February 24, 2017, by Siobhan

Things I’d Tell My ‘Before Uni’ Self

This past week, I’ve been having a really tough time at uni. Even though I’m more settled than ever, and happier than I’ve ever been, it’s been really horrible. Everything little thing has been getting to me and making every day seem like a complete chore. It’s really hit home that even though these days are the ‘best of our lives’, some of those days seem to be the furthest thing from that. However, I’ve decided not to dwell on the feeling, and make it an opportunity to write a helpful, insightful post to remind myself that everything’s okay, but also let the soon to be freshers know that even though university is terrifying, for them too, everything is okay.



I think my ‘before uni’ self would appreciate 19 year old, half way through semester two Siobhan’s advice. Hopefully it will now help some other jittery, excitement filled freshers soon to be starting the next part of their lives.

First off, I give my most important piece of advice. I hope you’re all reading this very carefully. Make the most out of every piece of time you get to spend with your friends and family at home. It’s not uncommon to think, or hear others saying stuff like ‘I can’t wait to leave this place’ or ‘I wish I was at uni now, I’m so fed up’ and such like, I know I did! However, I can’t stress enough just how important the next few months are for really appreciating those around you. Even if you don’t have many friends, or you aren’t close with your family, I can tell you that once they’re not around all the time, it’s the weirdest, strangest feeling. I thought I was the most independent person I knew, I cooked for myself, cleaned the house, even did my own shopping from time to time. Little did I know, I’m actually the biggest baby who relies heavily on other people. Words cannot describe how much I missed my family and friends in the first few weeks. When I saw them all, it was like Christmas. I cried. A lot. What I’m trying to say is, just appreciate others, and be mindful of their presence. Come moving day, it’s all going to change. That’s not meant to be a scary thought; but it is! You’re going to be starting a brand new phase in your life without all the comforts of home. It’s swings and roundabouts though, you’re parted from home, but you’re finally feeling a sense of freedom that you’ve never had before. You have all the time you want to just be you, and do what you want.



Second: do not, I repeat, do not, get stressed about having to grow up and do adult things. Trust me, every little thing will be okay. Before I came to uni, I’d barely used a washing machine, I NEVER did the washing up, and I certainly didn’t know how to put a deposit down on my own house. Now, 6 months later, I can do all those things.  I’m sure a lot of you will be hugely unimpressed by the first two achievements, but putting a deposit down on a house? If you look in the Oxford English Dictionary, that is the definition of adult. Going into the bank I was terrified, I didn’t understand the house contract, what a standing order was, or how to go about paying instalments. But, 10 minutes later, I walked out of there with a house sorted for my second year, and feeling as though I’d aged about five years. I, Siobhan Fitzsimons, am now an adult. I just remember being so scared of having to do these things on my own, when really, it was wasted energy. These kinds of things seem impossible because you’ve never had to do them before, but really, they’re very, very simple. So please, from me to you, don’t worry about them. Just promise me, when you leave the bank, you take your standing order receipts. You need your paperwork, you’re an adult now.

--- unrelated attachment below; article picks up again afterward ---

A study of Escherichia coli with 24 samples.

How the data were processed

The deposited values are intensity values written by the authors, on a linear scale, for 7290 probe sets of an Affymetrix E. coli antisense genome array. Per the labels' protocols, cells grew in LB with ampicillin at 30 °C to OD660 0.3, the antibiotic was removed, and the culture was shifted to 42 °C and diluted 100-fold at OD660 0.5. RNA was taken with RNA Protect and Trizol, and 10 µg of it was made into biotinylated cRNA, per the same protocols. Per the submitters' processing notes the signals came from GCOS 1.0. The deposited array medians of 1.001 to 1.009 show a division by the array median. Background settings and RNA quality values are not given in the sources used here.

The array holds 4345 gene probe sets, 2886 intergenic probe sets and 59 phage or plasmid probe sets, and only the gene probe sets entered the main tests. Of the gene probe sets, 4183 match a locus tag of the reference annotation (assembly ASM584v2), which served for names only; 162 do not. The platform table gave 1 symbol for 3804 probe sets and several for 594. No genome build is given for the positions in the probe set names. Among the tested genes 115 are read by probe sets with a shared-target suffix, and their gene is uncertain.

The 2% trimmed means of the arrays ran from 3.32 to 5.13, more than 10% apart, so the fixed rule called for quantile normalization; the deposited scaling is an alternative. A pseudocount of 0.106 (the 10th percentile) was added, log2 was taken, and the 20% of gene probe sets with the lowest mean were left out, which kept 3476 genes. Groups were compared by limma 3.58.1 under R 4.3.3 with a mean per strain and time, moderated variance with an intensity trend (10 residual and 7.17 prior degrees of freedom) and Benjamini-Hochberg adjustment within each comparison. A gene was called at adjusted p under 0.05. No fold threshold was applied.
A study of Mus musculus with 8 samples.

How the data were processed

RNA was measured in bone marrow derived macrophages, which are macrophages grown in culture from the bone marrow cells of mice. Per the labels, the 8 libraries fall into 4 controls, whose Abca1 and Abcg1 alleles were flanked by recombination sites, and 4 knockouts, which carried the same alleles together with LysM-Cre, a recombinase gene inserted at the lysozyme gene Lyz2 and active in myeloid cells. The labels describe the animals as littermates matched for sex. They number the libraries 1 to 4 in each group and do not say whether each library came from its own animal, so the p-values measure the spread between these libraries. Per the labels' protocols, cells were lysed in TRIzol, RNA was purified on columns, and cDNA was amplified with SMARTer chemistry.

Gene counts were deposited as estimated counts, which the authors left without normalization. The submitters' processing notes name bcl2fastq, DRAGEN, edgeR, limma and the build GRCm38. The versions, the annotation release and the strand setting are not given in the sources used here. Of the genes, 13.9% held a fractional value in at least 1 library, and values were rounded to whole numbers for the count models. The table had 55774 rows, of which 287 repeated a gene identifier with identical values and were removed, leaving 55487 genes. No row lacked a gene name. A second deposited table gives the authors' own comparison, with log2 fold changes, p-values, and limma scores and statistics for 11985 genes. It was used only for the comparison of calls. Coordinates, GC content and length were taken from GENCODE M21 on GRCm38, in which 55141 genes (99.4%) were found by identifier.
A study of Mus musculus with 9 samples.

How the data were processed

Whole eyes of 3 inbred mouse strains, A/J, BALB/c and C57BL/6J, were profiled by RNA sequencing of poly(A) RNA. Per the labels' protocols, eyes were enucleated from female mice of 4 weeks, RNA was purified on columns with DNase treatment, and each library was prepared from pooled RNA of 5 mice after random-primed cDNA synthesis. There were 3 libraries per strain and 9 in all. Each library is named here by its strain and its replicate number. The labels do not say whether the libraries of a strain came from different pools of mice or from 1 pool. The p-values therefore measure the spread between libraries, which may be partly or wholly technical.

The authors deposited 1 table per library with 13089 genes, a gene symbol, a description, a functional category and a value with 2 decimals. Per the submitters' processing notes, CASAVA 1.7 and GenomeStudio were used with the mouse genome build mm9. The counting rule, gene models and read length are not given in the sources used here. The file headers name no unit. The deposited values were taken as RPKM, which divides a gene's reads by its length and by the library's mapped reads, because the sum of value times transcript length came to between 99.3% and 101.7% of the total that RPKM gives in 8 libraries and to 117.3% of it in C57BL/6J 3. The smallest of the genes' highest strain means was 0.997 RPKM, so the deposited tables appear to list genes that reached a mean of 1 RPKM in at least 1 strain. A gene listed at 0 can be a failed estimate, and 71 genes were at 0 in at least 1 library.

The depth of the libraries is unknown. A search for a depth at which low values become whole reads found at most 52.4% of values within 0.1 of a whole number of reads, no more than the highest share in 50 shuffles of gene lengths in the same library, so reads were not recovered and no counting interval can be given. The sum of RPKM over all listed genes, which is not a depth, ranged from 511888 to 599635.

Thirdly and finally, remember why you’re here, why you’re going to uni, and what you want to get out of it. Is it to get a first as an undergrad then go on to be a famous doctor who finds a cure for a disease that hasn’t even been discovered yet? Or is it just to study something you love? Or meet new people? Whatever it is, make sure you stay true to it. I knew I wanted to study history, and that I wanted to study at Nottingham. I’m so lucky to even be here, I never in a million years thought I would get good enough grades. I wish though, that in the summer before uni, I didn’t have such a blinkered view on what uni would mean to me. I was treating it like school, a three-year extension on my A Levels. And oh my, was that a mistake. Uni life is so much more. It’s impossible to treat it like that, it’s not as though you go to uni every day, and then go home to your parents that have cooked for you and paid for your school trips and whatever. Uni is a school, but also a grocery market, an accountancy firm, a launderette and a little neighbourhood all rolled into one. You’re expected to do academic work, but also your shopping, washing, budgeting and socialising. All at the same time! I might not be doing it justice, but you honestly will be swept off your feet with the amount of well, stuff you have going on. It’s a lot to get used to! With all that though, just remember why you’re here, and that you deserve to be here. You have worked so hard, and are being rewarded with a new chapter to begin in your life.

I’m not sure if this post has quite followed the path I’d have wished it to, but I hope its offered some advice, maybe some reflection, or something to relate to. I guess what I’m trying to say is, don’t wish anything away, appreciate what you have, and enjoy what you have to come.